Cultivation and drilling have been under way on the farm recently for kale crops that will be used for feeding cows during the dry period next winter.
When completing this work, the most significant difference from home hasn’t been the 380hp tractor on the drill or the hectare packs of grass seed that make the acre packs at home look like they’re meant for the garden. Instead, it’s the use of a helicopter for jobs like spraying out paddocks and applying fertiliser. It is something I never thought I’d see.
The pilot, Scott, makes a variety of low passes and sharp turns over the paddock to be sprayed out, with movements made just a few metres above the treeline, while lining up for the next pass. This was done primarily due to the land being further into the foothills and a challenge to spray using more conventional methods.
Breeding is well under way with the use of dairy straws ending this week, and moving to beef AI, which will primarily comprise Hereford sires.
Short-gestation beef bulls will be used after week eight, with the aim to pull those cows back by a couple of weeks. A six-week scan will also be done for the herd for the first time this year, which will hopefully reduce the empty rate by finding and treating cows with any problems at this stage.
Between this and having the heat detection collars on cows this year, it will be interesting to see if there is a difference in the empty rate from last year, come the end of breeding.
Needless to say, the benefit of collars is already being felt, with little to no decision-making required when picking cows ready for AI.
The first-cut silage was started this week with several fields harvested into what can only be described as a tube of bales.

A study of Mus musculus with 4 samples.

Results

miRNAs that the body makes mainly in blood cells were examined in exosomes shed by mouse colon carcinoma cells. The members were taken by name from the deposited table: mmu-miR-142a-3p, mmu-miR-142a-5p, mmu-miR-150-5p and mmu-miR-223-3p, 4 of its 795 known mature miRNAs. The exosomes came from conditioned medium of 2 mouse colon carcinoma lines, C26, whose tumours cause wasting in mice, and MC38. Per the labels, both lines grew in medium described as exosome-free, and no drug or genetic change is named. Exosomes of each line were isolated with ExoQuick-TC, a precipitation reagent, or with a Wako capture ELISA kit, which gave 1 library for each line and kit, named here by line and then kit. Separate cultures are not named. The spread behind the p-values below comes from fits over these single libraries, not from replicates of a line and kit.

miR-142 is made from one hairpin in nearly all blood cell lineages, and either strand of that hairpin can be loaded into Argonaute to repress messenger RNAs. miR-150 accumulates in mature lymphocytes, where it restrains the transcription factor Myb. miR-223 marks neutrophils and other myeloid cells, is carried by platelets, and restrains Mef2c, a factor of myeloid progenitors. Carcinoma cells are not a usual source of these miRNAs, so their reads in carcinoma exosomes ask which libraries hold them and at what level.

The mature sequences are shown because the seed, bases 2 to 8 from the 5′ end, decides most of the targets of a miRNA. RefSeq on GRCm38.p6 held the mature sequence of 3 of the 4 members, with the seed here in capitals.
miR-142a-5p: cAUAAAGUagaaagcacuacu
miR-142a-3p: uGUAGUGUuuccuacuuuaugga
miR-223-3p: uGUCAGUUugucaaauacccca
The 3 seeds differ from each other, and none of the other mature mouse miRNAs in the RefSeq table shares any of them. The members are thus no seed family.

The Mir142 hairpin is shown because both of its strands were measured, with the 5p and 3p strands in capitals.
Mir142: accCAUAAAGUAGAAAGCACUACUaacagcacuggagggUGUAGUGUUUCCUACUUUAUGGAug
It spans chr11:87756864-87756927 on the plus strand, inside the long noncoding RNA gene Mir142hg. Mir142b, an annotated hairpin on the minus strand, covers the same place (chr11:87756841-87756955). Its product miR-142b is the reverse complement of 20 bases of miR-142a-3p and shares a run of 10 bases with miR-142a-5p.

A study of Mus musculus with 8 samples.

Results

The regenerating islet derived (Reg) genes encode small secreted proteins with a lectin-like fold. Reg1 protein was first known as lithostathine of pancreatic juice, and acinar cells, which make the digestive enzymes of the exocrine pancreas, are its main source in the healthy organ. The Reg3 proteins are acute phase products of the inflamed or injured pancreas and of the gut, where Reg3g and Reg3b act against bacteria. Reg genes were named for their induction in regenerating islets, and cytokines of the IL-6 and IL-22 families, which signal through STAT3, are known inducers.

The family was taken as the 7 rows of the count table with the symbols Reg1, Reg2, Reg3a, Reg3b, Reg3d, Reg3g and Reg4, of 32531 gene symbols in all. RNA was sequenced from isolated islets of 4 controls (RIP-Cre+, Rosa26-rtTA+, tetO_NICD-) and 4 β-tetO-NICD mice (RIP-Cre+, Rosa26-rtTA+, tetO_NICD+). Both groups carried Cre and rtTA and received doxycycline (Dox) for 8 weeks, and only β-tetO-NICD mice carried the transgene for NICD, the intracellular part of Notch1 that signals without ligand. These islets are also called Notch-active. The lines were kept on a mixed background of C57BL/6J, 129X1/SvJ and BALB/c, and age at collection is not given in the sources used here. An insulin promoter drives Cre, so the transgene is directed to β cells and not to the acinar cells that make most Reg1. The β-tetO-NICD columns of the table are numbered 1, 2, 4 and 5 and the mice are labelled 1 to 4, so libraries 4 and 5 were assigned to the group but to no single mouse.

The bales were carted back to the farm on rigid lorries – a far cry from a night spent with the bale lifter on the tractor at home.
They were then wrapped on-site using a wrapper that moves the bales down a conveyor and wraps them in one continuous length.
These can go on for a few hundred metres, with the only constraint being the length of the paddock.
On the milking platform, the grass is growing just above demand, with no surplus baled from the platform to date
In general, the scale of the contracting operations are extensive with tractors upwards of 300hp being used for most cultivation work.
On the milking platform, the grass is growing just above demand, with no surplus baled from the platform to date. Hopefully growth will improve as we are not far off needing to supplement cows.
This is due to a wet and cooler spring, with a variety of late frosts that have reduced soil temperatures.
However, the wet November has required little to no irrigation this month, with the farm receiving 76mm of rain last weekend.
I’m told this is always welcome when heading into the drier months on the farm, and should help reduce any irrigation required before Christmas. On the other hand, a few more dry days would help staff morale and mean we could swap the waterproofs for shorts.